Blinken’s ‘good news, bad news’ comment on drug seizures criticized


U.S. Secretary of State Antony Blinken was criticized late Tuesday after a video emerged of him at a press conference in Ecuador calling a record number of drug seizures in the country a “good news, bad news” story. 

Blinken was participating in a joint press conference with Ecuadorian Foreign Minister Mauricio Montalvo in Quito, the country’s capital. The two were asked about security and migration and Blinken said narcotrafficking is a shared concern for both nations.

The U.S.’s top diplomat said both countries are working to equip police and give law enforcement the tools needed to combat trafficking.

U.S. Secretary of State Antony Blinken speaks during a meeting with Human Rights organizations and civil society in Quito, Ecuador, Tuesday, Oct. 19, 2021. (Santiago Arcos/Pool via AP)

U.S. Secretary of State Antony Blinken speaks during a meeting with Human Rights organizations and civil society in Quito, Ecuador, Tuesday, Oct. 19, 2021. (Santiago Arcos/Pool via AP)
(Santiago Arcos/Pool via AP)

“We are working together and facilitating what had been– in both a good news, bad news story– record drug seizures,” he said. “The good news being we’re effective, the bad news being it’s a record drug seizure—which means the problem, in a sense, is even larger.”

The Republican National Committee seized on Blinken’s comment and posted a short clip with the caption, “WATCH: Secretary of State Antony Blinken admits ‘record drug seizures’ at the border, but insists it’s a ‘good news, bad news story.”


U.S. Secretary of State Antony Blinken listens as U.S Ambassador to Ecuador Michael J. Fitzpatrick speaks during a meeting with Human Rights organizations and civil society in Quito, Ecuador, Tuesday, Oct. 19, 2021. (Santiago Arcos/Pool via AP)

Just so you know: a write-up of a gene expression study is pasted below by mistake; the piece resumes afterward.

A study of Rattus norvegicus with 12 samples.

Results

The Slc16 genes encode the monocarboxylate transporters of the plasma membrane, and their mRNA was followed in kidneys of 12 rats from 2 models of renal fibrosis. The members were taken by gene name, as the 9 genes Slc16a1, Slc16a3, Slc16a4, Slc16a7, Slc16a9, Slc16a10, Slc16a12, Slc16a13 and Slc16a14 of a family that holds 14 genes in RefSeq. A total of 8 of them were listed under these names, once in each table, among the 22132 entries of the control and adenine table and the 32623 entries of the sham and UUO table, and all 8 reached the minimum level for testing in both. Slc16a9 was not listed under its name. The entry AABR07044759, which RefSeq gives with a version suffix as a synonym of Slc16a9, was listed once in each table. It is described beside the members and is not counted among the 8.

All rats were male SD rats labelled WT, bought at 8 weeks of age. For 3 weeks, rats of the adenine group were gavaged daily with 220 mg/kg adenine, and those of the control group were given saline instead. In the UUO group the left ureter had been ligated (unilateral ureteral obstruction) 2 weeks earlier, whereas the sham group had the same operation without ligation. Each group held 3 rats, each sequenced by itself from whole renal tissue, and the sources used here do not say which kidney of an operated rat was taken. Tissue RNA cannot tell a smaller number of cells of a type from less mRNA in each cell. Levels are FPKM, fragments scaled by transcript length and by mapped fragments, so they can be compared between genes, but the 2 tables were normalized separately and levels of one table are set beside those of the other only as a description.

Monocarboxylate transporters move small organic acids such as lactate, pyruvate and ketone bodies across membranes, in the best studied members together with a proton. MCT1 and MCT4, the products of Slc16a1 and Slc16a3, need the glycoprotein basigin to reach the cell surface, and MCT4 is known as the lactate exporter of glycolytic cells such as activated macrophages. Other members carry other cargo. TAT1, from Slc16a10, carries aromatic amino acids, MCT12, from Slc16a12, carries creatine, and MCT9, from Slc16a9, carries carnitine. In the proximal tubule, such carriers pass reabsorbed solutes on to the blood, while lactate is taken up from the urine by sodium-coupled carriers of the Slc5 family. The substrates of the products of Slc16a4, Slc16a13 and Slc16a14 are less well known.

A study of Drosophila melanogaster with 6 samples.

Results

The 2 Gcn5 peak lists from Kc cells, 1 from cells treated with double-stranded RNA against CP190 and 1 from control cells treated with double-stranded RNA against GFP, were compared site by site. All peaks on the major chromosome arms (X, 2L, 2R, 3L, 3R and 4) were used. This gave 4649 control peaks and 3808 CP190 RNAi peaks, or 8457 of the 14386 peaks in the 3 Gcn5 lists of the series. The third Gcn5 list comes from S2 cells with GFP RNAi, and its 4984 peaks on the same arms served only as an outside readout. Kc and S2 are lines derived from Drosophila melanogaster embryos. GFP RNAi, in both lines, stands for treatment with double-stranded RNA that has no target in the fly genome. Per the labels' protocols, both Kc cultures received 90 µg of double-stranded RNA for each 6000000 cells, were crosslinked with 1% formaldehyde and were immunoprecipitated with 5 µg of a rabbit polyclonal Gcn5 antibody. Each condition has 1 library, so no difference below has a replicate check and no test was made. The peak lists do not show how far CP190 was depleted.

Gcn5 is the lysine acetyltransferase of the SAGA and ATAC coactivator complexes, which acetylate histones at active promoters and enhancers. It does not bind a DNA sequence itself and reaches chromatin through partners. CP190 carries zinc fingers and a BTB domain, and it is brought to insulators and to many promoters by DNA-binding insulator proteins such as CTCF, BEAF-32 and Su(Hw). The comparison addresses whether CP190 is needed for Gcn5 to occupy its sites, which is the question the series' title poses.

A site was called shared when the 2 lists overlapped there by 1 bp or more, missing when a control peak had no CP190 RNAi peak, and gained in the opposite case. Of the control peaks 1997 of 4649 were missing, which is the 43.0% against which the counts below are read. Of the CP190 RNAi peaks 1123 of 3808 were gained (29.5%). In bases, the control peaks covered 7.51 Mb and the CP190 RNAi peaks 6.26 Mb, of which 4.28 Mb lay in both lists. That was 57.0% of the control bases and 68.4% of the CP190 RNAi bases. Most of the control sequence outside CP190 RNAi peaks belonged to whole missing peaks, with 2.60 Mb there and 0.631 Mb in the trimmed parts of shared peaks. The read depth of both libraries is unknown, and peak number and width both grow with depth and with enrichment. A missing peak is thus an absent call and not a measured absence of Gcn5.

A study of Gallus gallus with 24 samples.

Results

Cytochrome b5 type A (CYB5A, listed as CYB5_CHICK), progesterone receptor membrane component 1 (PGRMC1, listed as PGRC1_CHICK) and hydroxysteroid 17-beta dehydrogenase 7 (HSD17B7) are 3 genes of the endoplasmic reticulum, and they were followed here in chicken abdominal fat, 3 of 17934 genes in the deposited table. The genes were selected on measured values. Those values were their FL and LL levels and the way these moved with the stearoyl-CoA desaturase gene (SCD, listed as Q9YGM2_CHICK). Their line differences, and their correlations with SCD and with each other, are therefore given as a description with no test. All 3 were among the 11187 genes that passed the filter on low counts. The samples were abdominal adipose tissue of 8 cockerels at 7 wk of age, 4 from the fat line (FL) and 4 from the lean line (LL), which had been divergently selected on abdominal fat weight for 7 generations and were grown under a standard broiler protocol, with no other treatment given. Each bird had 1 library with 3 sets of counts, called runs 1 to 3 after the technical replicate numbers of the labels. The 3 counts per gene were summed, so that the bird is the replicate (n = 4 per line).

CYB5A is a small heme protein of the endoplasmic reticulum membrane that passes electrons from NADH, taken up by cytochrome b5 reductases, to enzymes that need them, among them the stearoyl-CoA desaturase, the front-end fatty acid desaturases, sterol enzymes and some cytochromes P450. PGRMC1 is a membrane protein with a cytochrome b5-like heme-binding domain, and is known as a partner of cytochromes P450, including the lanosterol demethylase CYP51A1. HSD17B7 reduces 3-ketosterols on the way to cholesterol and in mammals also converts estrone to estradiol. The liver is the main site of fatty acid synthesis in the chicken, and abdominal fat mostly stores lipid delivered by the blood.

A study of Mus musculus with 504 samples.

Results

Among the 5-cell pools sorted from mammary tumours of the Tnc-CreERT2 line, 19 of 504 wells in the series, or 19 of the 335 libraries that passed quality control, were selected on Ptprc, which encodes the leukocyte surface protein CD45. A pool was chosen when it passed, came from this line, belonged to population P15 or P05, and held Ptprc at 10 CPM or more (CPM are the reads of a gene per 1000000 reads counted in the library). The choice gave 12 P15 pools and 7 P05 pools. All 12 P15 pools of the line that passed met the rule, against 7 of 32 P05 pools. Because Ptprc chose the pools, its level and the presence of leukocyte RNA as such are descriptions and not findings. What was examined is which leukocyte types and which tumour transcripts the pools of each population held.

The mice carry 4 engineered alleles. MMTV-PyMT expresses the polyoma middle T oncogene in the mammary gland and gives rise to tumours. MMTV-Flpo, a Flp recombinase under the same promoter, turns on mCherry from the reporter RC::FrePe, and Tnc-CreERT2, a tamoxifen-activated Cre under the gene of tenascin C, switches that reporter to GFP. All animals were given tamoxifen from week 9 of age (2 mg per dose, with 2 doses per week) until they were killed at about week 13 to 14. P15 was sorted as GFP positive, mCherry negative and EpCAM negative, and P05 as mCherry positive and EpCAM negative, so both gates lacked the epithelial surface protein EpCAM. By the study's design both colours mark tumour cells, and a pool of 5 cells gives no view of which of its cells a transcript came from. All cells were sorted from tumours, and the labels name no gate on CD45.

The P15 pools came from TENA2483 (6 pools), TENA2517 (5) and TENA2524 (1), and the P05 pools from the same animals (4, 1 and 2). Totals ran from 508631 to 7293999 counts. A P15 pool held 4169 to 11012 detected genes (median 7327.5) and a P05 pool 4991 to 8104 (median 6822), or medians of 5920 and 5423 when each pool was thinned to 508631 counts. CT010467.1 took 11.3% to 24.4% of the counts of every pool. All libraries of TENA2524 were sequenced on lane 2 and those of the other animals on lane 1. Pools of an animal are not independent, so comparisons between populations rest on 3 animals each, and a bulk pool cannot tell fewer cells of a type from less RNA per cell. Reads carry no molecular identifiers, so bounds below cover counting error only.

U.S. Secretary of State Antony Blinken listens as U.S Ambassador to Ecuador Michael J. Fitzpatrick speaks during a meeting with Human Rights organizations and civil society in Quito, Ecuador, Tuesday, Oct. 19, 2021. (Santiago Arcos/Pool via AP)
(Santiago Arcos/Pool via AP)

Ecuadorean President Guillermo Lasso late on Monday declared a state of emergency in parts of the country over the issue, Reuters reported.

“In the streets of Ecuador there is only one enemy: drug trafficking,” Lasso said in a broadcast, according to the report. “When drug trafficking grows so do assassinations and homicides, robberies of homes, vehicles, goods and people.”

The State Department did not immediately respond to an after-hours email from Fox News. 

Supporters of the Biden administration would likely point to Ecuador’s cooperation as an example of the administration taking aim at the “root causes” of the border crisis and working in partnership with key countries. 

Drug trafficking is also being felt at the U.S. border. 

Fox News reported earlier this month at a border entry in Pharr, Texas, where Customs and Border Protection seized $1.2 million worth of cocaine and fentanyl on Oct. 1. 

Mark Daniels, the sheriff of Cochise, Arizona, told “America’s Newsroom” last week that the war on drugs in the U.S. will likely worsen until the border is secure.

“They’ve set us up for failure here on the southwest border completely,” he said. “And let me give you some numbers that kind of highlight what’s going on. This fiscal year we’ve had 10,000 pounds of fentanyl, 180,000 pounds of meth, 86,000 pounds of cocaine, 5,000 pounds of heroin, and 311,000 pounds of marijuana come through the southwest border this fiscal year.”

Blinken said it was his hope that the U.S. and Ecuador continue to grow their relationship and named the country as one of the first partners in the “Build Back Better World Program.” He said the program will make investments in climate-resilient infrastructure projects, with high environmental as well as labor standards.  

“That’s going to create jobs, it’s going to support local communities, it’s going to make progress against the climate crisis – all at the same time.